Shooting USA – Bianchi Cup 2015
It’s the NRA Action Pistol Championship. The world’s best compete for the Bianchi Cup. Plus, the rifle for the early frontier, the Hawken is one of History’s Guns. And, we’re Talking Tech on .38 caliber bullets and how the cartridges got their names.
It is the World Championship of NRA Action Pistol competition, also known as the Bianchi Cup. It’s widely regarded as the most prestigious and richest handgun tournament in the world, and the world has noticed. Some travel from as far as Australia and South Africa to compete in Columbia, Missouri, where the match is defined by four courses of fire: The Practical, The Barricades, The Falling Plates, and The Mover.
Competitors shoot the eight-inch ten-ring of the NRA AP-1 Target. Inside that is the 4 inch X-Ring, worth 10 points and an X, which is used to break ties. In all, there are 1920 points possible or 192 shots at the Bianchi Cup. In the last 20 years only one championship has been won without a clean score.
For 15-time Bianchi Cup Champion Doug Koenig, his plan of attack is to take each stage, one at a time. “They are not real difficult. We make them more difficult than they are, but if you make a mistake you will be out of the top 20,” says Koenig.
Though the pressure can ultimately get to some shooters, the best do shoot a clean match.
Talking Tech - .38 Caliber Bullets
In the early 1900s there was world-wide agreement on using the .38 caliber bullet in two highly significant cartridge introductions. But you wouldn’t know it even today because of the different measuring scales in the US and in Europe. Jim takes us through the measuring and the naming rules for the cartridges that are prominent today.
History’s Guns: Hawken Rifle
In 1823, a pair of gunsmiths from St. Louis designed a rifle for the pioneers headed west across the Mississippi River to settle the plains. They were the brothers, Samuel and Jacob Hawken, who assembled the sturdy rifles chambered in large calibers, many in .54 and .68, for their percussion rifles. And they were up to the challenges of settling the plains.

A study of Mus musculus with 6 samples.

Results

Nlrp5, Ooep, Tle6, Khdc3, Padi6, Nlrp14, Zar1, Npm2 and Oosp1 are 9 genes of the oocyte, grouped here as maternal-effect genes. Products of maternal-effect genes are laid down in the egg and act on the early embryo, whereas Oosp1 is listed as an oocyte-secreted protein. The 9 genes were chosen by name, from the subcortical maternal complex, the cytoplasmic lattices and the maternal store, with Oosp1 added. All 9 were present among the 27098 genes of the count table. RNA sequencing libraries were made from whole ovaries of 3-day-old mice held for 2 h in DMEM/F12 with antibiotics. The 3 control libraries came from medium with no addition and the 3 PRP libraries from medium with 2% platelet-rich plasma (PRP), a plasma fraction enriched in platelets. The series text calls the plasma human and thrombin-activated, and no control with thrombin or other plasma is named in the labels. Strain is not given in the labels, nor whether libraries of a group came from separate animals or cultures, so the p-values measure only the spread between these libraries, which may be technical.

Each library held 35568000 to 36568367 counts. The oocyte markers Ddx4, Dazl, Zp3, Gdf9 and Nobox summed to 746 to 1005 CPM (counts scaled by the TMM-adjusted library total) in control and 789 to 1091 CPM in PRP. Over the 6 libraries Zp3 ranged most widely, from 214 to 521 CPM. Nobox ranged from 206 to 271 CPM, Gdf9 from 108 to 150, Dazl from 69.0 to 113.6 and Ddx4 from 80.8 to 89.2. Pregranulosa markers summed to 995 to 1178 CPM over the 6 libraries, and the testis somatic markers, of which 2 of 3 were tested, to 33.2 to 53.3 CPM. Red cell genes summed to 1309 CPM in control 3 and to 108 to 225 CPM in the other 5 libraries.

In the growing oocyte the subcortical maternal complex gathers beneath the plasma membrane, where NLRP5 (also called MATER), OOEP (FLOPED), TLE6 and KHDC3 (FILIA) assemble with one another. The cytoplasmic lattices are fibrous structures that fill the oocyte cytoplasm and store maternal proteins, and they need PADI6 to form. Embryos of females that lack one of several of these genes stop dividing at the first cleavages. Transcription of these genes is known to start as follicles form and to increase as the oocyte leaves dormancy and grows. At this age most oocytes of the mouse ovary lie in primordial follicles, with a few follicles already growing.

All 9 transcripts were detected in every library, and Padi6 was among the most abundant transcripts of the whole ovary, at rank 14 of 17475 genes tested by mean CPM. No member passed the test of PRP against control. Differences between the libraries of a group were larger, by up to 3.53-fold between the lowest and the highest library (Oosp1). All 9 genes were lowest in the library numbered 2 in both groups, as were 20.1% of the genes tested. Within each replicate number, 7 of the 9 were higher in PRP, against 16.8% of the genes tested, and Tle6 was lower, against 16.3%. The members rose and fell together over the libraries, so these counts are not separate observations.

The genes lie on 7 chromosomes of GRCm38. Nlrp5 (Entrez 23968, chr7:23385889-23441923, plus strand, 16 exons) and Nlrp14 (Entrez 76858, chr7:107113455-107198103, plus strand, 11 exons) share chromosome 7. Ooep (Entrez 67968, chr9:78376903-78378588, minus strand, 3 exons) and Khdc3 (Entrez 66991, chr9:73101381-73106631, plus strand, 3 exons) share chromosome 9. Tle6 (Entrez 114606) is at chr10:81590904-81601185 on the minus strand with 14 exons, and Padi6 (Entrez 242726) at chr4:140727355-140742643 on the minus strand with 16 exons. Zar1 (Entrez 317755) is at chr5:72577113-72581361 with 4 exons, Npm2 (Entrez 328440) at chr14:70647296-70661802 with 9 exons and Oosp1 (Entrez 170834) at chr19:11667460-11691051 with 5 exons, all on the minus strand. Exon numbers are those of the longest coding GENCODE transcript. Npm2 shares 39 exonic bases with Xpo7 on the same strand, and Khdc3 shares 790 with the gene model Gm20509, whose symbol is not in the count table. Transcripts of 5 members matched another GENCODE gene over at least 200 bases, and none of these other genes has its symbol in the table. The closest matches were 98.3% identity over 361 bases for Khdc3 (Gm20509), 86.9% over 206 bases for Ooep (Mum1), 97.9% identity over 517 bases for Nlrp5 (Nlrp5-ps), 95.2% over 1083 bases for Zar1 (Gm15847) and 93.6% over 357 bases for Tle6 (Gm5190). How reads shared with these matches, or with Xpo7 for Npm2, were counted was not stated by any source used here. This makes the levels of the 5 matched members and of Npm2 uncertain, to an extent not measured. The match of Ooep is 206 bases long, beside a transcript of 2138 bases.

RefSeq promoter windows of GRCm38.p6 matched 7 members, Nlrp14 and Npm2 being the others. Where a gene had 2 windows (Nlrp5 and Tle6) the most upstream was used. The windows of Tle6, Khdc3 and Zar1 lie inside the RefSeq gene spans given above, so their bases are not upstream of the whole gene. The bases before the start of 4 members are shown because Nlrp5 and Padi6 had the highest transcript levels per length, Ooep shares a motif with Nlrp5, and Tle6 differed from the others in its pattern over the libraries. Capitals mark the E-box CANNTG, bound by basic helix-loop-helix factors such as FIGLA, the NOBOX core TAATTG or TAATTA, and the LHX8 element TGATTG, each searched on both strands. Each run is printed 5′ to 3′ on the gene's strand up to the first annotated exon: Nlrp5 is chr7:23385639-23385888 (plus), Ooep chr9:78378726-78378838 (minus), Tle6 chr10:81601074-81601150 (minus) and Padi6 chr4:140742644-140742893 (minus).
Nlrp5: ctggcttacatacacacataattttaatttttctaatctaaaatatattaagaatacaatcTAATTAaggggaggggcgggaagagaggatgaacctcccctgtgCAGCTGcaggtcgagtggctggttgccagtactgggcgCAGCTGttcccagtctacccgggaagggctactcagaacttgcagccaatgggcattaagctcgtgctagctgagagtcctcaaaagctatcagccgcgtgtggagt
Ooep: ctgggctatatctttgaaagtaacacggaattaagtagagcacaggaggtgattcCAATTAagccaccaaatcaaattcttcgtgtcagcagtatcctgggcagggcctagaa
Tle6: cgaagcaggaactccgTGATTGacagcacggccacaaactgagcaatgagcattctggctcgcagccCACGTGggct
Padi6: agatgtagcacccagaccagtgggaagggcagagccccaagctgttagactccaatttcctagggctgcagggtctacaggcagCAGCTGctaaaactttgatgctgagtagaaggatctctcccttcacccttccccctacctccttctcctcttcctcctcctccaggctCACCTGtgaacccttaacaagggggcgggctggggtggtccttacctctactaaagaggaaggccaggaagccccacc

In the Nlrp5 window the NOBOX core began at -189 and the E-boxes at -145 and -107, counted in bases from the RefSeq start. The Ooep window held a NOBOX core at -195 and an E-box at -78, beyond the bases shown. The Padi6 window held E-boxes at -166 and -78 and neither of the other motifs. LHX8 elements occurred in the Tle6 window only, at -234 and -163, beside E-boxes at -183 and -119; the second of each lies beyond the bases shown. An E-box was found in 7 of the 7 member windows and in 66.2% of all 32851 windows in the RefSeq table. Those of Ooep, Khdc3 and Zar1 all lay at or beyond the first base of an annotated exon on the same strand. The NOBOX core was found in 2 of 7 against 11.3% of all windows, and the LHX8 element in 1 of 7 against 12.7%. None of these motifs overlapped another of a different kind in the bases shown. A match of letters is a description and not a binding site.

“It’s a good caliber for hunting. I would have no qualms about taking this against a bison,” says Firearms Historian Garry James.
Sig Sauer MPX with Armageddon Gear Sling
Sig Sauer’s new pistol caliber firearm is based off of an AR-15 platform, but is versatile. The MPX-P configuration is a 9mm semi-auto, however there are select fire versions for military and law enforcement. All of the MPX systems function around a closed fully-locked, short-stroke pushrod gas system, inside the monolithic upper. John Scoutten tried out the 6.5-inch barrel, but 4-inch and 8-inch barrels are also available. Now should you decide to go with the MPX with a stock, civilian ownership becomes more complicated in that the system is then considered a short-barreled rifle.
Every MPX-P ships with an Armageddon Gear single point sling, creating better transitions. Caliber conversions are available for .357 Sig and .40 S&W. The MPX-P retails just under $2,000.
Bushnell is out with “the next generation of legendary” binoculars or the Legend Series. All are 10x42 millimeter for an ultra-wide field of view, and they all have the rain-guard HD hydrophobic coating, making them 100 percent water and fog proof. The Entry Level set is the E-Series; the next step up is the L-Series, with the addition of ED prime glass in the lenses. ED is extra-low dispersion with improved contrast and color resolution. The next step up is the M-Series, with a dielectric coating on the prism. Bushnell claims a 92 percent light transmission level and that puts the M-Series into a category with competitors charging two to three times the Bushnell price. The Legend M-Series is about $400; the L-Series about $300; and the E-Series is $200.
Pro Tip: Max Michel on Three Steps to Draw
In competition or personal defense, the first skill that every shooter needs is the draw. It can make or break your first shots. World and National Speed Shooting Champion Max Michel is one of the best at it, and he’s got three steps for you to improve your draw.